Lemberger, growing in popularity, garners top honor for Ventosa Vineyards in New York State’s 2015 competition.
By Alan J. Wax
When was the last time you sipped a Lemberger? Likely, not lately.
But that could change as this little-known grape variety, originally from Germany and also grown in other parts of central Europe, finds new popularity.
Lemberger, a hardy, dark-skinned red wine grape that produces full-bodied, fruit-forward, peppery wines, has found a home in parts of Washington State and in New York’s Finger Lakes. Lemberger also is known as Blaufränkisch and several other names as well.
And it was a 2011 Lemberger from Ventosa Vineyards, on the northeast shore of Seneca Lake in Geneva, New York, that recently was crowned the top wine in the annual New York Governor’s Cup competition. This year, the competition’s 30th, attracted 858 entries from throughout the state, including Long Island, Hudson Valley, Finger Lakes, Niagara Escarpment and Lake Erie
You won’t find many Lembergers in your local wine shop. Astor Wines, among the largest wine merchants in New York City, sells but one, from Fox Run Vineyards, also on Seneca Lake. Wine.com lists 14 offerings, mostly from Washington, but all are as sold out. (Channing Daughter’s Winery in Bridgehampton, Long Island, produces a Blaufränkisch.)
In Germany, the Lemberger grape has enjoyed increasing popularity in recent years, according to the Wines of Germany web site, which noted that plantings have grown from about 400-500 hectacres in the 1980s to more than 1,750 hectacres.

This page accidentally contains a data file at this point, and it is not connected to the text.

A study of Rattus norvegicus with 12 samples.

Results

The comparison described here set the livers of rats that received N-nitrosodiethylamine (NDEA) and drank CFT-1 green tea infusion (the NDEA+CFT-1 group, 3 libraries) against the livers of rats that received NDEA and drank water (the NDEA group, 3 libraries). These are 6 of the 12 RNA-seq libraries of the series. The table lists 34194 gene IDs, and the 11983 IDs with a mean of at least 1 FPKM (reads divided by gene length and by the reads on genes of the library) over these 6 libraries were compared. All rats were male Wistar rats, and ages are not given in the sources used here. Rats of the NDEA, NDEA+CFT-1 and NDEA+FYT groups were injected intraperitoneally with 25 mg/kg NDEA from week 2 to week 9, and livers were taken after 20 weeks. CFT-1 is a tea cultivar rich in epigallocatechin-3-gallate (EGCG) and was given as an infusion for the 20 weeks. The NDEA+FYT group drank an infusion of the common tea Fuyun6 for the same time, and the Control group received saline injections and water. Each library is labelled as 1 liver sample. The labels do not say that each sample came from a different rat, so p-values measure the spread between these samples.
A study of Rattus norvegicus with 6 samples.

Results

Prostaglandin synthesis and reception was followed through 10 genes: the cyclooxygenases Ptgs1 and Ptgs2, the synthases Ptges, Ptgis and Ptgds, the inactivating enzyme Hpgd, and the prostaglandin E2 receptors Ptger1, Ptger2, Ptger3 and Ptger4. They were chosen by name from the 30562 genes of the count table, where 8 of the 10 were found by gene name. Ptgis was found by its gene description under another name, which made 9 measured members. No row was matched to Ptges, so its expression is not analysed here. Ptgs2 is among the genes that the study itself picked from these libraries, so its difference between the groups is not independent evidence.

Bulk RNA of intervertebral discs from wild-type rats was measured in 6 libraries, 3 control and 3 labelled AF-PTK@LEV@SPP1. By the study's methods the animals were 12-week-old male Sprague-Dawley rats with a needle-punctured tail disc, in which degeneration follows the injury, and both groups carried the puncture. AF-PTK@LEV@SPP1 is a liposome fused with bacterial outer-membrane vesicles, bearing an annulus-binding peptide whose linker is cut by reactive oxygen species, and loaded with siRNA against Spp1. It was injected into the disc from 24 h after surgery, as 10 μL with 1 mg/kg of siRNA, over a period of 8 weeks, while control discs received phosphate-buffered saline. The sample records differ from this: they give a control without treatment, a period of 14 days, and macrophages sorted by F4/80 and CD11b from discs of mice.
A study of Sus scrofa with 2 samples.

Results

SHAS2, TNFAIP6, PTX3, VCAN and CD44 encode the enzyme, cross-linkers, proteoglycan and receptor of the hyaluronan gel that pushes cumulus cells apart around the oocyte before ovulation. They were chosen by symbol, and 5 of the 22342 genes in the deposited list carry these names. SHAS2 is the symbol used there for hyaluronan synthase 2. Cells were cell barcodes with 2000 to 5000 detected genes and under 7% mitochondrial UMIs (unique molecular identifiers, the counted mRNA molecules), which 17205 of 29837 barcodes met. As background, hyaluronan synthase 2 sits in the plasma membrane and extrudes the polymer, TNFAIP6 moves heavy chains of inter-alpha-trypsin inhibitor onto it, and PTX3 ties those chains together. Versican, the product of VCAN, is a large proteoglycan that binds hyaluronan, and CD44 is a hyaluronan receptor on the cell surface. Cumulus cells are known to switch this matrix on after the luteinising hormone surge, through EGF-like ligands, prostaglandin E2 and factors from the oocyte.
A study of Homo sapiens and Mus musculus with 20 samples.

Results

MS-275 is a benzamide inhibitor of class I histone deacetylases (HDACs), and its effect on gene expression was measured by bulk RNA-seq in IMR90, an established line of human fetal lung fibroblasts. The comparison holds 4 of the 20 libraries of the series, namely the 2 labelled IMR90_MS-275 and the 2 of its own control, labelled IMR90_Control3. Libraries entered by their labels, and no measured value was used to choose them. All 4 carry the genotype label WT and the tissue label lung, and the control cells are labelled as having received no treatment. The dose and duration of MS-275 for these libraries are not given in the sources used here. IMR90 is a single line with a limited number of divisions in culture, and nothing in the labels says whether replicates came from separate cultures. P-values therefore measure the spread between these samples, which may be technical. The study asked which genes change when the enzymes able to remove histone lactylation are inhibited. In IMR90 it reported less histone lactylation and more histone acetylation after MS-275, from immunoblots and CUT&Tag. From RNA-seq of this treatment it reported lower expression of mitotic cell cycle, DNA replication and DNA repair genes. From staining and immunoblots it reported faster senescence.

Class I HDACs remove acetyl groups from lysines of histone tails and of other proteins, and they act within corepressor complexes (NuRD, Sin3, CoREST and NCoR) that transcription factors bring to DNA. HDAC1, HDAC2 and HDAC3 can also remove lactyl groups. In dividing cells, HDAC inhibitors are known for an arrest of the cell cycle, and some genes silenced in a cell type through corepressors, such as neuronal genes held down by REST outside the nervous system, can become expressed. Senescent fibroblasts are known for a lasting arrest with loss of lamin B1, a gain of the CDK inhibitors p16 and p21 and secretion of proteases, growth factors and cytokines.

Many Finger Lakes wineries produce Lemberger wines, in large measure due to the grape’s winter heartiness. A 1996 study by a group of Northeast researchers, including the well-respected Dr. Joseph A. Fiola of the University of Maryland, reported that vines can be hardy at 0°F to -10°F and that vines have survived temperatures as low as -13° F. Finger Lakes winters can be harsh. This past winter, the mercury dropped to as low as -10°F, which can kill half the buds on a grapevine.
The Ventosa Lambeger 2011 is estate grown — as are all the winery’s wines. But production is small, just 256, 12-bottle cases. The wine, aged in new Hungarian oak barrels, retails for $23.95 at the winery.
Wines at this 10-year-old producer, owned by Lenny and Meg Cecere, are made by Jenna LaVita, who honed her craft working under Peter Bell at Fox Run Vineyards; Eric Shatt, formerly head wine maker and vineyard manager at Ventosa, and Rob Thomas of Shalestone Vineyards.
Grapes for this year’s winning wine were planted in June 2004, after more than half of the vineyard’s red grape vines were destroyed by frost. The vineyard is just 23 acres and produces about 4,200 cases of wine annually, all made without the aid of herbicide sparys. Ventosa also produces Cabernet Franc, Cabernet Sauvignon, Pinot Noir and Sangiovese. Ventosa is also one of only two New York to grow and produce Tocai Friulano, a white Italian varietal (Millbrook Winery in the Hudson Valley is the other).
Ventosa’s online tasting notes describe its award winner as having “a powerful spicy oak nose, botanical notes of juniper and eucalyptus on the immediate palate. Sharp tannins, under-ripe blackberries, fiery pepper lingering on the finish.”
I can’t say I picked up the pepper, but it is a terrific wine, nonetheless. My notes: Almost inky. Spicy oak nose. Intense brambly character with juicy black fruits and oak notes. I found the tannins to be moderate. Lengthy finish. Enough here to convince me to try other Limburgers.